Shonda Stanton Aims To Change The Game At Indiana

By any definition, Shonda Stanton appeared to be a "lifer" at Marshall.


Taking over the Thundering Herd softball program in 2000, she compiled some hall of fame numbers by accruing 560 career wins, including 30 or more wins in 12 of her 18 seasons.


Stanton's 2017 team was exceptional: the Herd went 42-12, including a 20-4 mark in Conference USA, and they earned a trip to the NCAA tournament. Stanton coached both the conference player and pitcher of the year award winners and was named Conference USA coach of the year.


She had been at the same job for 18 seasons and was extremely successful at what she was doing. In short, it was an extremely comfortable situation.




"I think in any profession you are always looking for the best fit," she added. "When I saw the athletic facilities and I saw the beautiful campus and I listened to [athletic director Fred Glass] talk about IU's commitment to the student-athlete, it really started to convince me that might be time to make a move."


But Stanton added it was the tragic death of one of her former players that actually helped her make the final decision. Emileigh Cooper, a four-year player at Marshall, passed away at age 22 following an automobile accident.


"Emileigh was the type of person who would never settle," Stanton said. "She came to us as a freshman and she would not accept the fact that we didn't have a roster spot for her. She would not settle for just making the team nor would she be happy just becoming a starter. Every day of her life was devoted to meeting every challenge head on and becoming a better player and a better person. In her senior season, she was not only starting but earned all-conference and had one of the highest batting averages in school history."


Stanton said Cooper's determination on the diamond and in her personal life helped in her decision to leave Marshall and accept the challenge at Indiana.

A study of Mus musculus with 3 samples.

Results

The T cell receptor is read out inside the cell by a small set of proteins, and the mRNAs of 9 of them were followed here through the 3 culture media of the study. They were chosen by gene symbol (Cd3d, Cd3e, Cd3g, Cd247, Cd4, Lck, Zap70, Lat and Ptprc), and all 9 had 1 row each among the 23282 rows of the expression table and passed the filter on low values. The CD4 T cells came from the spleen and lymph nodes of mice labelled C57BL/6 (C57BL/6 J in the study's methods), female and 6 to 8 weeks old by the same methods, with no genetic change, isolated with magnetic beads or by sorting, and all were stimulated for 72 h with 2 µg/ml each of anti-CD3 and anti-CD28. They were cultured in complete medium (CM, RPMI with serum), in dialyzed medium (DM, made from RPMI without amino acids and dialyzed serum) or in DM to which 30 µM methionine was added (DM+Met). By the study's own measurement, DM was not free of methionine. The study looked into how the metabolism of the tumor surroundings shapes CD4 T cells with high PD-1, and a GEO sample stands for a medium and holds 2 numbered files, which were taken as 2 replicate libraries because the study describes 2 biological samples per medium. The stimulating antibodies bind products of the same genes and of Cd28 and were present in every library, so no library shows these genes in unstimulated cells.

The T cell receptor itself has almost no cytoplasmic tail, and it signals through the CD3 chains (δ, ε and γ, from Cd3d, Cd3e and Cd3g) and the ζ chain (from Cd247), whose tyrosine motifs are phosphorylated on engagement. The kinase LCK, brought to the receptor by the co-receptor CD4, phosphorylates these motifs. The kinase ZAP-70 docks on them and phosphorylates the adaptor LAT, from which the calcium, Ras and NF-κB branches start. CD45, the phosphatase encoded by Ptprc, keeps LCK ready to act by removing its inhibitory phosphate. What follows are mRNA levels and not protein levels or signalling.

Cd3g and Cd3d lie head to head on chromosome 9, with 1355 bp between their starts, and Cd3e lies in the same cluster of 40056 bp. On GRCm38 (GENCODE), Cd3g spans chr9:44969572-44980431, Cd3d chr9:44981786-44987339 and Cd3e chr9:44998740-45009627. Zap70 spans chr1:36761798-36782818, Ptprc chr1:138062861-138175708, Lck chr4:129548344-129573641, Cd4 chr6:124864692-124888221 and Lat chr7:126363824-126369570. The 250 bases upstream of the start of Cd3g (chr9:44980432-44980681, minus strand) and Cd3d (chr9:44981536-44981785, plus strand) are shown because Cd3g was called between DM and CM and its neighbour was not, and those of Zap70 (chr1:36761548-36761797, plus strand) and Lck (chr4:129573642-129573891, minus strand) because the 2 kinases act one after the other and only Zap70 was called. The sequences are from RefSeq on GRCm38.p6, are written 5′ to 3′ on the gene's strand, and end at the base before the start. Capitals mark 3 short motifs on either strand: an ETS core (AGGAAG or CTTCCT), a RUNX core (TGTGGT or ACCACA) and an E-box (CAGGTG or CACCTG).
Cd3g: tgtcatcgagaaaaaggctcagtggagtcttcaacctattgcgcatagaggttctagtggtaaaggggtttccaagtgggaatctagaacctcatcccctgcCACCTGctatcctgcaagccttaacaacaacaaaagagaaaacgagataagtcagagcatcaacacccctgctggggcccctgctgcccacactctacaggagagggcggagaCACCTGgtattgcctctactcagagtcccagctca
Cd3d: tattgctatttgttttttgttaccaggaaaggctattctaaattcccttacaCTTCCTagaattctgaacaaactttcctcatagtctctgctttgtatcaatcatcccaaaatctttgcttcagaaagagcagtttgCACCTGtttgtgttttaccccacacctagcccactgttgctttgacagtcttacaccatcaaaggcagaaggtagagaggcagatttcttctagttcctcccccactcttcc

"People look at coaches as the teachers," Stanton said. "But the truth is we can learn as much if not more from our players. When I was trying to decide on whether I really wanted to make this move, I kept thinking about Emileigh and how she never wanted to settle for status quo. She always wanted the challenge of becoming better in everything she did and it certainly inspired me to do the same."


At Indiana, Stanton will face the challenge of building a team that has fallen on rough times of late. The Hoosiers have had only one winning season in the last five and last made the NCAA tournament in 2011.


Her immediate challenge may be on the recruiting front, where she says getting "bigger, faster, and stronger players" will be the goal, but added a huge transformation in culture has already taken place in the program.


"We have an amazing group of young women on this team right now who have totally bought into what we are trying to do," Stanton says. "Our basic philosophy is we want to win the day. We want our players to take responsibility in the approach they take in all aspects of the game.




Stanton added that philosophy can be applied to almost every aspect of the game.


"The intensity in which you play, your ability to make the smart play, and always trying to stay aggressive can make up for many physical shortcomings," Stanton said.


Stanton has said her players are already responding to that message.


"They are like sponges right now," she said. "At one our first team meetings, one of our players got up and asked what do we needed to do to be a top-25 program. That sort of blew me away. It shows that they want to excel and want to win and now it's our job as coaches to put them in a position to do so."


Stanton knows there are no magical formulas to get there, but she also know she doesn't want to place limits on her team with any set goals.


"When you set goals for wins or home runs or stolen bases, what happens when you reach them?" Stanton asked. "I don't want our players to think there are any limits on what they can accomplish this year. If we go about our business the right way, if we practice the right way, if we treat others the right way, if we play with intensity, if we worry about the things we can control, then the results will come at the end and we will win the day."